Friday, October 29, 2010

Pre-election thoughts

I remember watching the pummeling of Republicans in the 2006 mid-terms and, as this blog post can attest, not really feeling much of anything. They got what they deserved. Two years ago I was depressed by the overwhelmingly Democratic victory, but not saddened in the least by John McCain's loss. Indeed, on occasion I remind myself that as bad as Obama is, McCain wouldn't have been a big improvement.

This year, however, I am all in for the Republicans and hope that Tuesday's victory is absolutely overwhelming, with every Democrat from Senator to dog catcher getting the boot. The hard-left approach taken over the last two years -- massive Keynesian-style stimulus spending, a massive expansion of government control over health care and a more general growth of government -- must be emphatically rejected.

Signs appear to suggest that we are headed for such an outcome. Indeed, the victory on Tuesday will likely at least equal those of 1994, which was itself a political earthquake (this is perhaps the first election that I have really distinct memories of, and can still recall the incredulousness of TV news anchors as the returns came in). In 1994 Republicans picked up 54 seats in the House and 8 in the Senate. This year those two numbers appear to be the minimum gains Republicans can expect (all the more remarkable given the unfriendly terrain faced by the GOP in the Senate as explained by Sean Trende here).

That said, while a GOP victory will be deeply satisfying as a rejection of leftist policy, the feeling will prove ephemeral. There is little about the Republican leadership itself that should excite anyone. While a Republican House will serve as a much-needed check on the worst instintcs of the Obama administration, it is highly doubtful they will attempt to roll back government in any meaningful way.

Indeed, faced with a budget deficit that exceeds $1 trillion, the Republicans haven't offered much beyond cuts to whaling subsidies and John Boehner is apparently rather animated about restoring Medicare funding. Then there's this gem from Senate Minority Leader Mitch McConnell:
“The single most important thing we want to achieve is for President Obama to be a one-term president.”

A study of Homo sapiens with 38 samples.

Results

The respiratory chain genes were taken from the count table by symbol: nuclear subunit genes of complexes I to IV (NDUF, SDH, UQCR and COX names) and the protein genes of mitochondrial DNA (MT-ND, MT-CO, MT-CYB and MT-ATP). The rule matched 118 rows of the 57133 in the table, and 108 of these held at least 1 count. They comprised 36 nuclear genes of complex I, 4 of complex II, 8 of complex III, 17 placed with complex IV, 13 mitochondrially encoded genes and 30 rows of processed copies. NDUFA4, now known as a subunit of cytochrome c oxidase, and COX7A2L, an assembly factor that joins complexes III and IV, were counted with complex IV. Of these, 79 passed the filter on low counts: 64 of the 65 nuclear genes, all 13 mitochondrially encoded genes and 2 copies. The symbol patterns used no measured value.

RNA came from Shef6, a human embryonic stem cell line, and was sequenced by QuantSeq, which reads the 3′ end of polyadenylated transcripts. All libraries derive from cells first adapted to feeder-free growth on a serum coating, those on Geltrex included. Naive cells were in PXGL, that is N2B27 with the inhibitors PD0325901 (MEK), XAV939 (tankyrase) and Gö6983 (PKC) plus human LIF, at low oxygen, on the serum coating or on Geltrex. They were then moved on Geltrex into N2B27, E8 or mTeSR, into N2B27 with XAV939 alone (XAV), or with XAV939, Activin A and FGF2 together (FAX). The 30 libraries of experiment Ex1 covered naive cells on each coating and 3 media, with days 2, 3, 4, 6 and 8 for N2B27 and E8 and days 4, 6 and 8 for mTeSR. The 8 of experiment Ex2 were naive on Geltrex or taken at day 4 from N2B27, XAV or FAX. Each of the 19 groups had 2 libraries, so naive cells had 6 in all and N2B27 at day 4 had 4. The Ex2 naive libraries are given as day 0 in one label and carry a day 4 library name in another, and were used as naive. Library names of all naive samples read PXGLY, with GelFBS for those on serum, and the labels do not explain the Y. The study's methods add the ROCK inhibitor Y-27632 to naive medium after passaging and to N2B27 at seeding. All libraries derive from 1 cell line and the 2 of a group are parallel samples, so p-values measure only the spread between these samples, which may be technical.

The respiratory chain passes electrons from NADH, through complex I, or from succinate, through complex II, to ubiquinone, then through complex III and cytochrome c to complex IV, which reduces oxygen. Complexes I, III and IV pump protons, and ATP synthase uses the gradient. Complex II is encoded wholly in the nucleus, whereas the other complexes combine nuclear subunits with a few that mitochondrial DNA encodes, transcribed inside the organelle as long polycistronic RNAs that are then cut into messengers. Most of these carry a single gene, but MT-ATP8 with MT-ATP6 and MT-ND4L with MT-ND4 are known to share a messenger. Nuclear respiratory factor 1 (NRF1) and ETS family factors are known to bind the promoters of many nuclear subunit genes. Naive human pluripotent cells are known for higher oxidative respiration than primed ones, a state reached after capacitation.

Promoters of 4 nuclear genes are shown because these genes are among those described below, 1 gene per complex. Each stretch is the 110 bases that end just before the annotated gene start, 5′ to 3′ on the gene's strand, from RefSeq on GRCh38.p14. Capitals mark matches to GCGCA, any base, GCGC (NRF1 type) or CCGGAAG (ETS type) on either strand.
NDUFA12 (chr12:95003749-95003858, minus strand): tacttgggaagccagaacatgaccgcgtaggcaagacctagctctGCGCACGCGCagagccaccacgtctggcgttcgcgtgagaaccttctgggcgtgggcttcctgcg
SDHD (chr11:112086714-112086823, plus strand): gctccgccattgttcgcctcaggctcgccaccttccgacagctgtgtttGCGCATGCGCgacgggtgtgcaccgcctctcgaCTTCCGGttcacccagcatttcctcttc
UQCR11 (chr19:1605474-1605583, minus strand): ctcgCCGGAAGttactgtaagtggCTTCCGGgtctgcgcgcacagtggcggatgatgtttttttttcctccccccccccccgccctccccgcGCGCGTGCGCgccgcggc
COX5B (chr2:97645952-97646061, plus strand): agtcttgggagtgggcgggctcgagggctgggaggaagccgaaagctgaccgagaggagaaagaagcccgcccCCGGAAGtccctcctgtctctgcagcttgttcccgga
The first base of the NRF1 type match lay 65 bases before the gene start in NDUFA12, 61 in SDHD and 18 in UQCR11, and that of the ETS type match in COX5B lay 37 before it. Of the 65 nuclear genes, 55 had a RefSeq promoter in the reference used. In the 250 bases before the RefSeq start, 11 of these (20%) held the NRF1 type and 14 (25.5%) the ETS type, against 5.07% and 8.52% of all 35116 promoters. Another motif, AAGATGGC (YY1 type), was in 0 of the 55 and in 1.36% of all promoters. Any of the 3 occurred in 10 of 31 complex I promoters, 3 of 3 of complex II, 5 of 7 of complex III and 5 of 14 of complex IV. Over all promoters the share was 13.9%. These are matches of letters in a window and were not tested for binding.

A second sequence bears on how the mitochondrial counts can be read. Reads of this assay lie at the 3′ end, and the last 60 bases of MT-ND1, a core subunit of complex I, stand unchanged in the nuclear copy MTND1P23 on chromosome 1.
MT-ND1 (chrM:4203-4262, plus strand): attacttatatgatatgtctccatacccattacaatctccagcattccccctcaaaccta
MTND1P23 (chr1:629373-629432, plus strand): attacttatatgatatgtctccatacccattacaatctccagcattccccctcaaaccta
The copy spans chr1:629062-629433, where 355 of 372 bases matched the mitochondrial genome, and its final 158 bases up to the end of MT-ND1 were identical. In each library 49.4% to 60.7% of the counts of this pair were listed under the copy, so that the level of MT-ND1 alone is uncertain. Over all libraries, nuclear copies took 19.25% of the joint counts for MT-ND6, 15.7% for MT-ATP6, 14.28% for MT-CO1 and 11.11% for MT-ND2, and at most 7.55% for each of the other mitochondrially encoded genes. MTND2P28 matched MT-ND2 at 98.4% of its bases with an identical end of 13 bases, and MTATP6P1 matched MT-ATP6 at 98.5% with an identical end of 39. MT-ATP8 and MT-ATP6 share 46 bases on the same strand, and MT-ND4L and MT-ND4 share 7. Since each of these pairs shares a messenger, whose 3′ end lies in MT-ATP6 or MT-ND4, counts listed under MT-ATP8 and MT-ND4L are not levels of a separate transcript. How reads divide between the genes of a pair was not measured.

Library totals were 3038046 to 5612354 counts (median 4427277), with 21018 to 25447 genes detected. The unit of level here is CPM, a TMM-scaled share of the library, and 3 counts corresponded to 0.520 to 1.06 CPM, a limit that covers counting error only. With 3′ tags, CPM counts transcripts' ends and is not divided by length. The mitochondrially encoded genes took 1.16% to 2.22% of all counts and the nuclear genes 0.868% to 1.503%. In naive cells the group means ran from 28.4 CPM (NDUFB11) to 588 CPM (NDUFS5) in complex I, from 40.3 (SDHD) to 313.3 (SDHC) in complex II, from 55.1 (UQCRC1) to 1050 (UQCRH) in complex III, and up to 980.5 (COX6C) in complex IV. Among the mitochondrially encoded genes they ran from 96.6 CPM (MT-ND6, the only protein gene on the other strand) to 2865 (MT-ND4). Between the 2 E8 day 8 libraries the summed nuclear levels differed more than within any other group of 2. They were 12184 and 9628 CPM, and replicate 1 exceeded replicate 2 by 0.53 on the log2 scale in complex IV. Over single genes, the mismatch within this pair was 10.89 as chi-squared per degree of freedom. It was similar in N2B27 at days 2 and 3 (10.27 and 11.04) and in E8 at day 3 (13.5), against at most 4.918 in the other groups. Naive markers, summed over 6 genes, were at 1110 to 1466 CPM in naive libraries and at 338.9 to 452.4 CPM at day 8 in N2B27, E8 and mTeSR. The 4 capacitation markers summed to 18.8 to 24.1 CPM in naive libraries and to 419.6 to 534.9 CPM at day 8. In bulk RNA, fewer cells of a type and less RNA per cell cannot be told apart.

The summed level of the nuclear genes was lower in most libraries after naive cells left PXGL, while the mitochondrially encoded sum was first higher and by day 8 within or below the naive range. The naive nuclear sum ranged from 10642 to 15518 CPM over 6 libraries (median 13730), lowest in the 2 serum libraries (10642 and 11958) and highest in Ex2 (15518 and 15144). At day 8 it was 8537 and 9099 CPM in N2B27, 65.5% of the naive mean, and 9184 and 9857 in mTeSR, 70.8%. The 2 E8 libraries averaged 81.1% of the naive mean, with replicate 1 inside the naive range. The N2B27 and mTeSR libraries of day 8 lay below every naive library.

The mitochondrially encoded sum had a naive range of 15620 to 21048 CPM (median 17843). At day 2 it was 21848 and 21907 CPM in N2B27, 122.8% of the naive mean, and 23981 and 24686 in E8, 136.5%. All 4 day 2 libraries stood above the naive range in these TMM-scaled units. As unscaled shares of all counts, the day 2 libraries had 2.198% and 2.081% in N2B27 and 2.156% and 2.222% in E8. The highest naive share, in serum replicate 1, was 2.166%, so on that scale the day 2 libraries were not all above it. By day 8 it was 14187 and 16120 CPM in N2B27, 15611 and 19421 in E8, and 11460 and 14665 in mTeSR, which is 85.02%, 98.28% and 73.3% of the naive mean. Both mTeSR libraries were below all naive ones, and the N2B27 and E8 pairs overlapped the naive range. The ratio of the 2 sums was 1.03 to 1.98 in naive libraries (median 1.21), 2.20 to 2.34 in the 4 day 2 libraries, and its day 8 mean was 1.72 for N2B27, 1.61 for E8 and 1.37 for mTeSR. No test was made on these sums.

Really? The country is faced with an insane level of debt, high unemployment, government control run amok, and your biggest priority is limiting the political fortunes of President Obama? McConnell is a prototypical establishment Republican, concerned far more about maintaining his grip on power and settling scores with rivals than the best interests of the country. Let's recall that McConnell refrained from taking a neutral stance in the Kentucky Senate primary, endorsing fellow establishment member Trey Greyson rather than the more libertarian-minded Rand Paul. There's a reason for that.

How the next two years will play out is anyone's guess. On the one hand we have an ideologically rigid president who demonstrates little in the way of Clintonian instincts or desire to engage in triangulation, and on the other is a Republican party that remains, at best, partially reformed and faced with a civil war within its ranks. Unlike 1994 when House Republicans arrived in Washington behind a leader, Newt Gringrich, who professed to share their commitment to limited government, it is by no means certain that next year's incoming freshman and the leadership will be on the same page.

What to do? Simple, keep up the pressure. A Republican Congress needs to have its feet held to the fire on spending and the size of government. The Tea Party must defy its critics and demonstrate that the commitment to such issues is not simply a reaction to the advent of a Democratic Congress and White House. If spending is not cut by at least several hundred billion dollars and a measure to repeal Obamacare has not even been brought up for a vote by the end of next summer then the marches on Washington and protests across the country must continue. It can't be stopped until they get the message.

Update: Leading Tea Party figure says that incoming GOP freshmen will be "on probation."